INSIDE TRACK

INSIDE TRACK | It's had a change of name; it was the brainchild of a French journalist; it's 64 years old - what is it?

INSIDE TRACK

Joe Carroll

Reporter:

Joe Carroll

Email:

joebellurgan2014@yahoo.ie

INSIDE TRACK | It's had a change of name; it was the brainchild of a French journalist; it's 64 years old - what is it?

Further clues: It’s a tournament; Jacques Ferran was the hack’s name; Sporting Lisbon hosted its first game; the inaugural winners have since won it more often than any other team. 

This is one for soccer anoraks. Its first game was played 64 years ago tomorrow, September 4; it has had a change of name; it was the brainchild of a French journalist.

Further clues: It’s a tournament; Jacques Ferran was the hack’s name; Sporting Lisbon hosted its first game; the inaugural winners have since won it more often than any other team. 

Still no luck? This should ring the bell: Dundalk were the first Irish side to win a match in it. 

Known originally as the European Cup, the UEFA Champions’ League had no English entry when it was first played. Neither was there a League of Ireland nor Irish League side involved; but while it was mostly countries’ reigning champions that went into the draw, Hibernian, sixth the previous year behind Aberdeen, pitched for Scotland. Hibs didn’t get beyond the first round.

Ferran, toiling with leading French sports ’paper, L’Equipe, had seen how successful a South American club tournament had been, so put pen to paper, saying Europe should stage an equivalent. (It’s said elsewhere that it was L’Equipe editor, Gabriel Hanot, who came up with the idea, but don’t believe it; Inside Track has it from good authority that Jacques was the lad. We can’t say how much fatter his pay packet became, if at all, after UEFA decided to run with the competition.)

Chelsea, the English League title-holders, didn’t play in the first tournament. Sixteen other clubs did, among them Alfredo di Stefano’s Real Madrid. The Spaniards were first winners, beating French side, Reims, in the final. They then went on to complete the five in-a-row.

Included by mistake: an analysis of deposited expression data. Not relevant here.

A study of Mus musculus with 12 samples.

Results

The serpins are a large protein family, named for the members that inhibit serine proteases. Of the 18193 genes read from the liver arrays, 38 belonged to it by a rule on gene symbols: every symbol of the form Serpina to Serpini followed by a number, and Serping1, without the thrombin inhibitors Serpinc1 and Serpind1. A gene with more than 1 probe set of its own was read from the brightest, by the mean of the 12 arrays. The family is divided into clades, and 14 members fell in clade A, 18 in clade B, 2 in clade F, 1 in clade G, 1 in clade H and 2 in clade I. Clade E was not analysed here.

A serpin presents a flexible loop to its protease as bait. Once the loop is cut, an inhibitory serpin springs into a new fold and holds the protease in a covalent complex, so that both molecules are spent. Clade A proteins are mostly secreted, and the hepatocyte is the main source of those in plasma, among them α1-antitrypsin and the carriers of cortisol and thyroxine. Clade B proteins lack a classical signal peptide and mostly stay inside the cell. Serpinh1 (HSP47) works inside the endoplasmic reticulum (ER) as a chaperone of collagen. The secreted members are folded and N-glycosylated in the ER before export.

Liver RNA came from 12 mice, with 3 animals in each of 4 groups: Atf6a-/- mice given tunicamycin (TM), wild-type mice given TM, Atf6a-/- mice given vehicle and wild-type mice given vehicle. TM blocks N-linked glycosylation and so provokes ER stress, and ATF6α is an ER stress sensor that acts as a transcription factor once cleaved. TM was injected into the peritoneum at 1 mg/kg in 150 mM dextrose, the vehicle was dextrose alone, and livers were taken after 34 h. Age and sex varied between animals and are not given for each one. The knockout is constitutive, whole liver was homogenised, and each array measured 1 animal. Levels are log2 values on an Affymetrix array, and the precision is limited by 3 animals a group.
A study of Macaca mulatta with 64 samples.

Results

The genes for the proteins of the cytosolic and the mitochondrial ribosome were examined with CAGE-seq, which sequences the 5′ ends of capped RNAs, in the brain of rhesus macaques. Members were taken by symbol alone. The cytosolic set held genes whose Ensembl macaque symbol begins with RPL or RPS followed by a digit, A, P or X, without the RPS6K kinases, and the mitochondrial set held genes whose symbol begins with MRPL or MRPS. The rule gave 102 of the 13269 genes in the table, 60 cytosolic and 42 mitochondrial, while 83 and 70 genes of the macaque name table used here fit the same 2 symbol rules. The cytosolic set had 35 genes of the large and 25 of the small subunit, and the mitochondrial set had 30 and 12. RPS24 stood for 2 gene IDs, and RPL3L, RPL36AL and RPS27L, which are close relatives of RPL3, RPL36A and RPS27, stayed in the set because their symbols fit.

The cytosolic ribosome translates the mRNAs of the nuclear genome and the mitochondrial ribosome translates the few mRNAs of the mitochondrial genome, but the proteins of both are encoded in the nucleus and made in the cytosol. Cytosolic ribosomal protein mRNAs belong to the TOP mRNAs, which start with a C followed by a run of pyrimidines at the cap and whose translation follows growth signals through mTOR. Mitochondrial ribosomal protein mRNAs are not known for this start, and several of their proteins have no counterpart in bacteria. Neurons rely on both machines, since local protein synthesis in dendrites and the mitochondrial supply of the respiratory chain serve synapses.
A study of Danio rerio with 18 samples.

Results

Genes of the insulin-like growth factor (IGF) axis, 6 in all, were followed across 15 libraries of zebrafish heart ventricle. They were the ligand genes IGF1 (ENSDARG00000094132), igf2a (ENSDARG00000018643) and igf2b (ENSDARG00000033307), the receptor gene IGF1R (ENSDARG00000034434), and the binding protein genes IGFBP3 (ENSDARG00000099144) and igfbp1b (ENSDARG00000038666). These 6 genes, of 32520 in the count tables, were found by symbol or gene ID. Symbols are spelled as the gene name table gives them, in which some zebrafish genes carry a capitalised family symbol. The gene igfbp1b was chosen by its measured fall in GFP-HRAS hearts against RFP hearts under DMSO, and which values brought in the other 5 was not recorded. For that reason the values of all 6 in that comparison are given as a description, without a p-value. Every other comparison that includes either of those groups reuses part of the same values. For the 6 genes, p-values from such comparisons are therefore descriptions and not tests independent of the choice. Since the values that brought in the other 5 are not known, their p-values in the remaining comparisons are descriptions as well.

Manchester United were the first English club to go into the draw, taking their place in the competition’s second running. Busby’s Babes impressed, reaching the semi-finals. They were back the following year, and this time were joined by the League of Ireland’s first entry, Shamrock Rovers, and Glenavon from the North. 

Indeed, United and Rovers met in a preliminary round, United winning 9-2 on aggregate after taking the first leg – at Dalymount Park – 6-0. Maxie McCann and Tommy Hamilton got Rovers’ two goals in an honourable 2-3 away defeat.

United again reached the semi-finals, but by the time they played Inter Milan, the Old Trafford club had been devastated by the Munich Disaster. Eight players were among the dead, the tragedy happening on the team’s homeward journey after an early round tie with Red Star Belgrade.

Real Madrid have 13 titles to their credit, and Liverpool have been more successful than any other British club, winning six. The ’Pool continue to the forefront, as do Scotland’s sole winner, Celtic, but there must surely be many in the Nottingham Forest and Aston Villa ranks hoping there’s a return to the late 1970s and early ’80s when, between them, the pair won three titles on the trot, Forest doing the double.